ISSUES

OCCUPATIONAL LICENSING

During the 2016 legislative session, the General Assembly passed a groundbreaking law for Tennesseans that will hopefully bring relief from the state’s overly burdensome licensing laws and restrictions. The Right to Earn a Living Act calls upon the legislature to review the rules and regulations of the state’s licensing boards and recommend the repeal of any that do not directly pertain to the health, safety, and welfare of the general public. Should a board not comply with the request for repeal, the legislature has the power to disband or “sunset” that board’s authority and rulemaking ability. We released a how-to guide for legislators when eliminating or reducing occupational licenses through this act that you can read here.

Indeed, the House and Senate government operations committees, tasked with this process, have their work cut out for them. The rising tide of licensure requirements in the marketplace has been drastic over the past 50 years. As the Wall Street Journal outlined, just five percent of workers required a license or certificate in 1950. Today, it’s close to 30 percent. Among those careers or services they list that now require a license to earn a living are fortunetellers, party planners, florists, shampoo assistants, beekeepers, librarians—and that’s just scratching the surface.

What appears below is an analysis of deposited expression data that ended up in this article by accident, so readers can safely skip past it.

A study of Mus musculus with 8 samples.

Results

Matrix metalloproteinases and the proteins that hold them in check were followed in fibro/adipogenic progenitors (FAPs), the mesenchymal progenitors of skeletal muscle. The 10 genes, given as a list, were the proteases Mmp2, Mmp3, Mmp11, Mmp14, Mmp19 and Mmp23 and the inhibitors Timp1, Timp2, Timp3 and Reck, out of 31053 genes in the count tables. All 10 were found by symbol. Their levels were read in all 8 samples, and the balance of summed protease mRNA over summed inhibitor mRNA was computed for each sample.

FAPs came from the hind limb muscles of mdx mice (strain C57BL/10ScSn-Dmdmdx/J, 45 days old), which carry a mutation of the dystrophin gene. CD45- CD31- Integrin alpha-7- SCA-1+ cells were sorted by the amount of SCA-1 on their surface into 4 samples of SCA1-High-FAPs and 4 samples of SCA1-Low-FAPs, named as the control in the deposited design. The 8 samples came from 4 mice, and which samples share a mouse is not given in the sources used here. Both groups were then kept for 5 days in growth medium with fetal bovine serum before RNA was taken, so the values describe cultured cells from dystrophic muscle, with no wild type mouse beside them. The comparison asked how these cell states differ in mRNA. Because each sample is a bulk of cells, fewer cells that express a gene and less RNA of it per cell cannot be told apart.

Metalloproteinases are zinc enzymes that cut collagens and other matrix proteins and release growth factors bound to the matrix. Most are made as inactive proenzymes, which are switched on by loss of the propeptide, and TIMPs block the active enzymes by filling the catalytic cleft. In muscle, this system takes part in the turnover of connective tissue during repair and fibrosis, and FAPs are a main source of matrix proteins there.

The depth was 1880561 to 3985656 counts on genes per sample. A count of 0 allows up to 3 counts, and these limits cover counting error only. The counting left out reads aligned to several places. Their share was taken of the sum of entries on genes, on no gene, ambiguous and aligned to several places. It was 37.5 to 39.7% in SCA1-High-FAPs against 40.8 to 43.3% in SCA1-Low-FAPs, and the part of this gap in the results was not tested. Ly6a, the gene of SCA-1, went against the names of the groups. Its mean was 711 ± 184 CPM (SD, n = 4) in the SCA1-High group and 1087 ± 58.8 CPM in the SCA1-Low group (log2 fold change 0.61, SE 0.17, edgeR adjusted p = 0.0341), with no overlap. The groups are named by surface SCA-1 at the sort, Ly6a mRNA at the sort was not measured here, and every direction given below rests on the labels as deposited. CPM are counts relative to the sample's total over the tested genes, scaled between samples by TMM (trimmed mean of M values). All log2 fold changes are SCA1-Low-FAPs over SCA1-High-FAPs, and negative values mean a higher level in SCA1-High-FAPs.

Occupational licensing, often touted as a means of insuring public safety and protecting the populace from bad actors, has instead become a tool used to prevent competition in the marketplace. When an individual who wishes to earn an income by shampooing others’ hair is forced to get a license requiring more educational hours than an EMT, at an average cost of more than $15,000 to the individual, then our state has allowed industry boards to stack the deck against those looking to participate in the workforce. These barriers to entry are arbitrary, destructive to the economy, and fundamentally unfair—especially hurting low-income individuals relying on a particular skill to earn an honest living.

We challenge the state legislature to build upon the steps they took in 2016 and continue to hold these unelected licensing boards accountable to the public. In the meantime, we are also working to defend the rights of those whose ability to earn a living has been hampered, such as our client Tammy Pritchard. Read about the Beacon Center Legal Foundations’ lawsuit representing Tammy here.